While most of the world is still coming down from all the hype surrounding the debut of the 2014 Chevrolet Corvette Stingray at the Detroit Auto Show earlier this month, we're already looking to the future. And according to Autoweek, the next chapter in the C7 story will unfold at the Geneva Motor Show in March. That's right, General Motors is reportedly using the Swiss stage as its venue to debut the Corvette Stingray convertible.
If this strikes you as odd, you aren't alone. After all, with a car that's such an American icon, we'd fully expect Chevrolet to unveil it here on our shores in either Chicago or New York. But according to Autoweek, GM is looking to boost export sales of its halo car, and since the C7 was engineered to compete with the world's best and brightest, showing it off in Geneva is somewhat of a smart move. What's more, those with sharp memories will recall that GM used the Geneva expo to debut the sixth-generation C6 Corvette convertible back in March 2004, so there's also a precedent.
Details surrounding the Corvette Stingray convertible are still slim, though we fully expect the 6.2-liter V8 and choice of either six-speed automatic or seven-speed manual transmissions to carry over unchanged. Prototypes spotted on the road showed the car fitted with a cloth convertible roof, as well.
The Performance Data Recorder with Valet Mode available on the 2015 Chevrolet Corvette Stingray seems like a fantastic tool for many owners. Whether they are taking 720p video while lapping the track in their new 'Vette, or just want to protect their purchase from inconsiderate joyriders, the system offers a lot of functionality in one package. However, one of the PDR's features might get buyers in trouble with the law, and it has nothing to do with recording some illicit high-speed driving on a favorite back road. The problem hinges on the various state laws concerning a person's right to privacy.
According to a letter posted by Jalopnik, Chevy dealers are asking 2015 Corvette owners not to use the Valet Mode portion of the PDR because it records audio in the cabin, in addition to performance specs. That's a problem because privacy laws vary from state to state with some requiring just one side's consent to tape sound and others requiring all parties to agree. According Jalopnik, 15 states mandate everyone's permission beforehand, but it's not clear whether these numbers are up to date. (Actually, the report varies, saying 13 states in some places and 15 in a list.)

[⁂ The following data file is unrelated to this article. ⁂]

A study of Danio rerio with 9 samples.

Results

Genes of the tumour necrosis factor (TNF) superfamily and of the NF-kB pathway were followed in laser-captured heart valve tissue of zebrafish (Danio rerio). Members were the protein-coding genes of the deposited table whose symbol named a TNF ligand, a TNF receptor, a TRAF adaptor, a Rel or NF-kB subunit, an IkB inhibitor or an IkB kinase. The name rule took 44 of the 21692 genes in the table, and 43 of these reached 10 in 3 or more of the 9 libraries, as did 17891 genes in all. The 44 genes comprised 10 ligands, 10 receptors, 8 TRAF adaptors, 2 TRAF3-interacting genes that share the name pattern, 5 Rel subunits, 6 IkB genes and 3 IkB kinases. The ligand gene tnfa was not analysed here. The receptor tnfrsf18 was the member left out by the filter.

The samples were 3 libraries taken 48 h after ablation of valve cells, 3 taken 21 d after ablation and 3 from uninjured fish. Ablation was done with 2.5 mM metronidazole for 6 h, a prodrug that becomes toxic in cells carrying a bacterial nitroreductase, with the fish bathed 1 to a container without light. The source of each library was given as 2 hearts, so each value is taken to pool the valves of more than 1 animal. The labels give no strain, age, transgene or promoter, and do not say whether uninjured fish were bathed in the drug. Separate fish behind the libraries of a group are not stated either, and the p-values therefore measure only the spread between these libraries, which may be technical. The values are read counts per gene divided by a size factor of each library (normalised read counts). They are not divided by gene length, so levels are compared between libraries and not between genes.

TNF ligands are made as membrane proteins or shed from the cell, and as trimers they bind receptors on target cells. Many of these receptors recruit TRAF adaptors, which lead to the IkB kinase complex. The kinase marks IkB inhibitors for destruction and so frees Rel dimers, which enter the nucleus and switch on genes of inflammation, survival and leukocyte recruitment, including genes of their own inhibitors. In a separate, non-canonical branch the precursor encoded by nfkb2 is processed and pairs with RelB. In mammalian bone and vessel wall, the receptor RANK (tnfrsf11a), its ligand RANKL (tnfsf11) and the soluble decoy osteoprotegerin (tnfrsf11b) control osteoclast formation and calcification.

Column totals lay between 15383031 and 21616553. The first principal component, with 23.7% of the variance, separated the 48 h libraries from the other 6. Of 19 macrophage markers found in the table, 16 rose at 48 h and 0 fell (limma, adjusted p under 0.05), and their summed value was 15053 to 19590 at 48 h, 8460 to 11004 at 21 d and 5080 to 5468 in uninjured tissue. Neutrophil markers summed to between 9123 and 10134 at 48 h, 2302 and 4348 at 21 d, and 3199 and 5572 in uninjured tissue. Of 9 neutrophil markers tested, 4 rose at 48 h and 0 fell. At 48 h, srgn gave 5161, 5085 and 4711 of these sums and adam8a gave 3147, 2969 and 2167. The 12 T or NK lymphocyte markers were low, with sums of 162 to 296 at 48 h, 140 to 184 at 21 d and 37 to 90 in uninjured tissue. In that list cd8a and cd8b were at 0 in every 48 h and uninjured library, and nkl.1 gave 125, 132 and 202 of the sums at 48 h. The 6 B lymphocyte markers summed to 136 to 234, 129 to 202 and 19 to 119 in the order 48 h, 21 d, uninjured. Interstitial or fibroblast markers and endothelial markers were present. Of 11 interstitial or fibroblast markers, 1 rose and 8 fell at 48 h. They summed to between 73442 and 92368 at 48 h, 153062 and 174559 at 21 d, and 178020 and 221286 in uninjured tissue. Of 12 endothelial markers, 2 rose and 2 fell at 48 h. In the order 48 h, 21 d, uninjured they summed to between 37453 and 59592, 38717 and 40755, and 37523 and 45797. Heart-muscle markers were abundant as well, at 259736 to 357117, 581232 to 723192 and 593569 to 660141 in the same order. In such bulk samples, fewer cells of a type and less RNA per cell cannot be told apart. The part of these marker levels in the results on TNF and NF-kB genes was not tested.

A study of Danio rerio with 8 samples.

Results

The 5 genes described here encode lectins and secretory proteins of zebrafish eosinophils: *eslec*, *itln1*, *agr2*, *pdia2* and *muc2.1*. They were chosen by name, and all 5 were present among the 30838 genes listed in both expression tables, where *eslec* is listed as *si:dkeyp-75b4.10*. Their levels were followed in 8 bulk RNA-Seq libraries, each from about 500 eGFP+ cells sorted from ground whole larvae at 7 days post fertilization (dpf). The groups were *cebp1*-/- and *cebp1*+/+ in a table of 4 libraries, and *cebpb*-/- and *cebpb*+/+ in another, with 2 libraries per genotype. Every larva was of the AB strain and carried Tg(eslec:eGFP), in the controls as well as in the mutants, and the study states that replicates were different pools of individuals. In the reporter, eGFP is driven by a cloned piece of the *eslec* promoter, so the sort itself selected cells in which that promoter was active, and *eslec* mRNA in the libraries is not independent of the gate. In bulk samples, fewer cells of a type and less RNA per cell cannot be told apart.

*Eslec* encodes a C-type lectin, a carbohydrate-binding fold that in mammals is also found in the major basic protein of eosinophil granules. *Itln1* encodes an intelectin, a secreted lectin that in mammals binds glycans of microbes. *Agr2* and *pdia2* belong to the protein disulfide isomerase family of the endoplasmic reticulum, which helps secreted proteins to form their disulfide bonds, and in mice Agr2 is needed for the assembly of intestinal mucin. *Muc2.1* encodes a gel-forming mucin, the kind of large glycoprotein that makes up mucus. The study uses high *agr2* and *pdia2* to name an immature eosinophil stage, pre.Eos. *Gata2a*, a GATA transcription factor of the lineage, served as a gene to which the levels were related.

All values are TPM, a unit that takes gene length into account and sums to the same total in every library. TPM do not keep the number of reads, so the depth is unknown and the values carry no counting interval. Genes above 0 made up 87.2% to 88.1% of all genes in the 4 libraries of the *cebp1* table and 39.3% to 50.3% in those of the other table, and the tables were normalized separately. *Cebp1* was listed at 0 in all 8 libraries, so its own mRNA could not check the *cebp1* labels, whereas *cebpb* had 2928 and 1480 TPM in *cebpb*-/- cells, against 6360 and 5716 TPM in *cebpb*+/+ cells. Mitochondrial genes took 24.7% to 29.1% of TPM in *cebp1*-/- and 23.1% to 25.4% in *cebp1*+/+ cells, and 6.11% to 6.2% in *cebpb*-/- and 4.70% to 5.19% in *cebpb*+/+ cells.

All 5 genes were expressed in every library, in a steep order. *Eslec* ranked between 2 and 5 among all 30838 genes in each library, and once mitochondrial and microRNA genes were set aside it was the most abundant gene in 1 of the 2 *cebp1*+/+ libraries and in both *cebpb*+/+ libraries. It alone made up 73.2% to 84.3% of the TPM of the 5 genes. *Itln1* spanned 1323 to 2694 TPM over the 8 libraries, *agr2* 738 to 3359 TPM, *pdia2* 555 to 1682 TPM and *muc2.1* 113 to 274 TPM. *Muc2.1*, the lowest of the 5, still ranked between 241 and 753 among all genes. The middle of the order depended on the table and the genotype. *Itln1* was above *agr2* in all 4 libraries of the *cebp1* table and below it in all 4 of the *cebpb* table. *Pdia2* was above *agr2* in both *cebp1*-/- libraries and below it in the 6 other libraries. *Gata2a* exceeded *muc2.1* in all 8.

According to the letter, Chevy is already working on a software update for the near future to rectify the issue. It's possible that simply adding a warning to drivers and the ability to turn off the audio recording function in Valet Mode might solve the problem. Obviously, this doesn't preclude Corvette drivers from using the performance aspect of the PDR, and owners are free tape lap after lap at the track.
Quentin Tarantino fans will likely remember Vincent Vega's cherry 1964 Chevrolet Malibu Convertible in Pulp Fiction. In a movie drenched in automotive references, the Malibu is very nearly a character in and of itself, and it serves as the subject of Vega's soliloquy about the kind of man who vandalizes another's automobile. It also happened to be Tarantino's personal car when the film was shot, and was apparently stolen shortly after production wrapped. Now police have located the car some 19 years later.
As it turns out, the thieves cloned the vehicle identification number from another '64 Malibu and had the car registered under the new digits. It was then sold to an unsuspecting buyer. Police happened upon the duplicate VINs while investigating another potential theft. Right now, it's unclear whether Tarantino has taken possession of the Chevrolet, if it has remained in the possession of the fraud victim, or whether it's caught somewhere in the gears of justice. Either way, you can catch Vega's memorable thoughts on the car keying in the Pulp Fiction clip below. But consider yourself warned: the video contains explicit language as Not Safe For Work as it comes.